We have the Czechs to thank for Pilsner. Well, an ill-tempered Bavarian brewer and a Czech brewery to be specific. Josef Groll first made the golden lager that launched a thousand imitations in 1842. His employer, the Citizens’ Brewery in Pilsen (now known as Pilsner Urquell) has proudly peddled his popular invention ever since. In the early days of the U.S. craft brewing movement, many beer makers avoided the Czech style as well as its German counterpart, choosing instead to focus on piney pale ales, roasty porters, and caramel-tinged ambers. But as the industry grew and matured, American brewers not only found their way back to Pilsner, they began to give it their own spin.
Pennsylvania’s Victory Brewing has made Prima Pils since 1996, the year it opened. Merging Old World tradition with New World attitude, it was a rather unconventional spin on the style from a relatively small brewery.
“Back then a lot of the Pilsners were kind of lame,” says Victory co-founder Ron Barchet. “The idea was to come up with a Pils that made a statement. Take the elements of a German Pils and amp them up to get attention.”
Prima definitely got attention. “This is a very hoppy Pilsner,” wrote the late Michael Jackson in his Great Beer Guide (2000). “Not your daddy’s Pilsner,” remarked Beverage Magazine columnist Andy Crouch three years later. Over time Prima has collected awards and accolades, and Barchet says it’s still the beer of choice for nearly every visiting brewer. In spite of a bold reputation though, Prima gains its character from building blocks that Pilsner’s originator would surely recognize: Noble German hops and blonde Pilsner malt.
The same year Prima first appeared in the U.S., another game-changing interpretation turned up in Italy. By dry-hopping, or adding more hops to the beer after transferring it to fermentation tanks, Birrificio Italiano was able to enhance the flavor and aroma of its Pilsner, Tipopils. This departure from tradition came to be known as Italian-style Pilsner, and slowly earned admirers at home and abroad. It even spawned its own celebration, Pils Pride. Then, in 2017, Maine’s Oxbow Brewing Company introduced an even wider audience to Italy’s innovation when it hosted the first iteration of the event on American soil.
“Tipopils is a huge inspiration for [our] Luppolo,” says Michael Fava, Oxbow’s head brewer. “Italian-style Pils is modestly dry-hopped and unfiltered, giving this style of beer a more prominent Noble hop bouquet than [its] Bohemian and German predecessors.”
The new generation has decided it isn’t that interested in tradition.”
Today, with increased consumer demand for the character produced by dry-hopping, as well as the ability to source expressive and experimental hop varieties from France, New Zealand, Slovenia, and South Africa, brewers are pushing Pilsner in new directions, expanding the definition of a style Groll pioneered almost two centuries ago. It’s an exciting plot twist to a story that, until recently, appeared to have a finite number of chapters. Change can be swift though, and as Barchet puts it, “The new generation has decided it isn’t that interested in tradition.” The upside is that the wider range of hop varieties now used in Pilsners just might sustain an interest in lagers from an IPA-obsessed audience of drinkers.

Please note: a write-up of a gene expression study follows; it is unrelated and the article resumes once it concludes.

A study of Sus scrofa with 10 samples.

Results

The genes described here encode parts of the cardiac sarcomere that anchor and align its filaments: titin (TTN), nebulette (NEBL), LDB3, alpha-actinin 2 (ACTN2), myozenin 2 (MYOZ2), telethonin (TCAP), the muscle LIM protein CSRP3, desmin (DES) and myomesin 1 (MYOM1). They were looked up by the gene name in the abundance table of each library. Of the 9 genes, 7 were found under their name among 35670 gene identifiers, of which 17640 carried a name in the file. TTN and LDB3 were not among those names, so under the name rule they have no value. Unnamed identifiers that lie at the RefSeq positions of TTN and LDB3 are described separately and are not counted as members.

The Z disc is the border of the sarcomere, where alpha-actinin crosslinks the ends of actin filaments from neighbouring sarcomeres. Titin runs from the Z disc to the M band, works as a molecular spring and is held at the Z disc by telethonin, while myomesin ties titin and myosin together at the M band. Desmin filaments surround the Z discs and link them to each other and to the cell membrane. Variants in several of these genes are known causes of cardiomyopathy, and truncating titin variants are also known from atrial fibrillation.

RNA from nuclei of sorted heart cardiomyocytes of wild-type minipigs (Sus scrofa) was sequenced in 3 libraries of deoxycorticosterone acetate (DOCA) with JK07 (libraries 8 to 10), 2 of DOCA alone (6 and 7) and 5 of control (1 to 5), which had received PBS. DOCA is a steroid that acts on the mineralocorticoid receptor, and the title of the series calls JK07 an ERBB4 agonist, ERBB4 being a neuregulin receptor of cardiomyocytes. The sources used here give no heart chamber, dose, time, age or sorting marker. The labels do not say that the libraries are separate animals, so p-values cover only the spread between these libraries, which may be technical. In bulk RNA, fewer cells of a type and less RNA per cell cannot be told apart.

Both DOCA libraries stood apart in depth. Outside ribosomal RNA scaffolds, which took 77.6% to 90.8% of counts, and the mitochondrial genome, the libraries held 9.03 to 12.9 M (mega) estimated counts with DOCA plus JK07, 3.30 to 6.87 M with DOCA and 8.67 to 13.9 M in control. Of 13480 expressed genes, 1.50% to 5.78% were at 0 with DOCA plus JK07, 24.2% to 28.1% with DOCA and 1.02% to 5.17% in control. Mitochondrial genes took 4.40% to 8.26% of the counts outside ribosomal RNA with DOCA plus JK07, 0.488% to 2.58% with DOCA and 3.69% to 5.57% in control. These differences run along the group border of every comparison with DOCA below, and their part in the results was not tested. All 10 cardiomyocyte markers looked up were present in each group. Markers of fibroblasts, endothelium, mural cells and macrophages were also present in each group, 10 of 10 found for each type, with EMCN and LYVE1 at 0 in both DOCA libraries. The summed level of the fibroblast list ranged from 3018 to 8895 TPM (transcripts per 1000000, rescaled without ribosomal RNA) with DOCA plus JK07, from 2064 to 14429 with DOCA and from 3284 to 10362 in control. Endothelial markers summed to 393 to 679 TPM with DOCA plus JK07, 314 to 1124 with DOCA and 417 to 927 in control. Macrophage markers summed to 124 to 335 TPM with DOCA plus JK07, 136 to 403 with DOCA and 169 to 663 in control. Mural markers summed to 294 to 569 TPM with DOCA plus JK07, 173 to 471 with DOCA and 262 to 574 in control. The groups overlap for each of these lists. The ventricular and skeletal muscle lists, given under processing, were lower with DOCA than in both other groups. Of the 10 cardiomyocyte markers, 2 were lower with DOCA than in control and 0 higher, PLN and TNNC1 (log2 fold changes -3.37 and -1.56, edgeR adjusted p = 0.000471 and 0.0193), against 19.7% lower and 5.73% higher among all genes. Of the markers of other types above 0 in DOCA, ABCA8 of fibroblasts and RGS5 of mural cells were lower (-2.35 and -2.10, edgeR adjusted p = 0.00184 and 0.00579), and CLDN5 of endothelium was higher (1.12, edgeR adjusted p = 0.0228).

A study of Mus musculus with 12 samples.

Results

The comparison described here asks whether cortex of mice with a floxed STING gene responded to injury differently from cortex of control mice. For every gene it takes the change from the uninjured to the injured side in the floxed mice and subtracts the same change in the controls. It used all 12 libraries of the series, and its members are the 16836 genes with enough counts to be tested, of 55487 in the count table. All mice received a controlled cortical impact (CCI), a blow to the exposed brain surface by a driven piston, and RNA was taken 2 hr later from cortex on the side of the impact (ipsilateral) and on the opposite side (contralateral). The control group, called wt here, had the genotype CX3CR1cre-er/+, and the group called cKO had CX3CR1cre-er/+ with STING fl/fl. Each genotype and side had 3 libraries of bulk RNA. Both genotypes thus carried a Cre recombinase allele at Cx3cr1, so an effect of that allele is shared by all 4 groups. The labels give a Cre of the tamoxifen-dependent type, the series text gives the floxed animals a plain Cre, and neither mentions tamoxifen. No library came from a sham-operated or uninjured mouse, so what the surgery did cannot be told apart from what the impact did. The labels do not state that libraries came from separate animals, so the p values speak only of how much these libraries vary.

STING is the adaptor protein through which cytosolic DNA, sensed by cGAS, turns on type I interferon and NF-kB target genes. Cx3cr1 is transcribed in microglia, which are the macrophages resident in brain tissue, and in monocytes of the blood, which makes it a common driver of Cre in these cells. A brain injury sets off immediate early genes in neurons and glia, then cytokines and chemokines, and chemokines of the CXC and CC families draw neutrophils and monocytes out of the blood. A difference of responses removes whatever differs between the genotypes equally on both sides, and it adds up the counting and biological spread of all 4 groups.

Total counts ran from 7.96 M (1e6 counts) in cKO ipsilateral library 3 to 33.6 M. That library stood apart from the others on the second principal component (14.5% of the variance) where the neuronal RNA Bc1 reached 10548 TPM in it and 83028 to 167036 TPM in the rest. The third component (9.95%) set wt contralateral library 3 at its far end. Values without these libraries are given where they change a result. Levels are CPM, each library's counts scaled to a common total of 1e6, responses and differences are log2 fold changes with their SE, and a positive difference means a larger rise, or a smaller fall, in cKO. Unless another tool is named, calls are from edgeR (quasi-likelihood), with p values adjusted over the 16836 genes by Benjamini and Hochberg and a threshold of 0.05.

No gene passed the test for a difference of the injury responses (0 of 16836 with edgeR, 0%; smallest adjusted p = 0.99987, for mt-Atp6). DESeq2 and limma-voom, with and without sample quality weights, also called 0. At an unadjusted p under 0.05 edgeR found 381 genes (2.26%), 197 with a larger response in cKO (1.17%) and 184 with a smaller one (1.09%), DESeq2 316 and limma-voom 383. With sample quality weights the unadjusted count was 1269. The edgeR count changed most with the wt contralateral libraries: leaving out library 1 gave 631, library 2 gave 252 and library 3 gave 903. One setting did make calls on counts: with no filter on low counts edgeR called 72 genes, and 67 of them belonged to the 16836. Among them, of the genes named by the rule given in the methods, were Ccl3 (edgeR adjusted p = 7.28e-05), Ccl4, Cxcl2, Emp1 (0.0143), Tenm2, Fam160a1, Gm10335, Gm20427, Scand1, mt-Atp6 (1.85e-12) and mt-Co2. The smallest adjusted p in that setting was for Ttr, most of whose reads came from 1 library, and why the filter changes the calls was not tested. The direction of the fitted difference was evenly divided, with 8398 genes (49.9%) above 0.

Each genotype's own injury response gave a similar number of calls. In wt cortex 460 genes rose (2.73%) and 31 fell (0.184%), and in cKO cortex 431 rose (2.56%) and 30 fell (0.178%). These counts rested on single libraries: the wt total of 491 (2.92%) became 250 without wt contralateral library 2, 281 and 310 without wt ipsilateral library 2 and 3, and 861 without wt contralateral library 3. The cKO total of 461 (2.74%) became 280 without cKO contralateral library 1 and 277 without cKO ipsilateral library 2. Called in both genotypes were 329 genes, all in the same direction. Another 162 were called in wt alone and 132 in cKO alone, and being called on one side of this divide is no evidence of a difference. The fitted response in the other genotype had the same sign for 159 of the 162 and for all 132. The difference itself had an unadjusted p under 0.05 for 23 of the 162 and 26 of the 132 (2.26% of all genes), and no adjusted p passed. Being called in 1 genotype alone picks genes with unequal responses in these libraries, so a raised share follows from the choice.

“In a world of turbid, sensory overloaded beers a good clean Pilsner or lager is a very welcome thing for consumers and brewers alike,” says Benjamin Green, head brewer at Mississippi’s Southern Prohibition Brewing. Back in July the company released Good Vibrations, a “New World Pilsner” dry-hopped with a lemony-lime Southern Hemisphere variety called Motueka. Brilliant gold in the glass with the style’s trademark clarity and dense cap of foam, Good Vibrations blends right in with its older European relatives from a distance. But one whiff of the aroma and it reveals itself as a newcomer. Instead of delicate floral notes and a subtle woodiness, bright citrus stands out against a background of tropical fruit, bringing to mind an open air market in Southeast Asia.
Michigan’s lager-focused Wolverine State Brewing also turned to New Zealand for the star ingredient in its newest Pilsner, and earned a silver medal at the Great American Beer Festival for its efforts. “The inspiration for NZ Pils came from wanting to highlight a New World hop that isn’t typically used in a classic German Pilsner,” explains Alexis Jorgensen, Wolverine State’s head brewer. “For NZ Pils, we used 100 percent Nelson Sauvin hops. We chose this hop because of its herbally, spicy bitterness that complements the German Pilsner malt, and we wanted to highlight the amazing white wine fruitiness of Nelson, which you can taste when you drink NZ Pils.”
Czech, American, Italian, and New Zealand—are there limits to how far the style can stray from its roots? A growing number of brewers don’t seem to think so. Matchless Brewing in Washington has made Italian, South African, English, and French Pilsners by using ingredients from the corresponding countries. Oregon’s Von Ebert Brewing has designed Pilsner recipes with French malt and hops, jasmine rice, orange peel and spearmint, and even funky Brettanomyces yeast. And Oxbow is planning to introduce a Maine Pilsner next year, sourcing everything from its home state.
“I think in order for anyone to be creative and unique, especially in this day and age, we need to branch out and explore other approaches and takes on what has been done in the past, argues Von Ebert’s head brewer Sean Burke. “Really in my mind Pils or Pilsner is a focus on malt, hop choice, and the finishing character of the beer,” he says. “Each of these is pathway for us to expand on historical approaches and methods while considering all of these attributes. We are just going to continue to create and explore beers under the Pilsner umbrella until we run out of ideas.”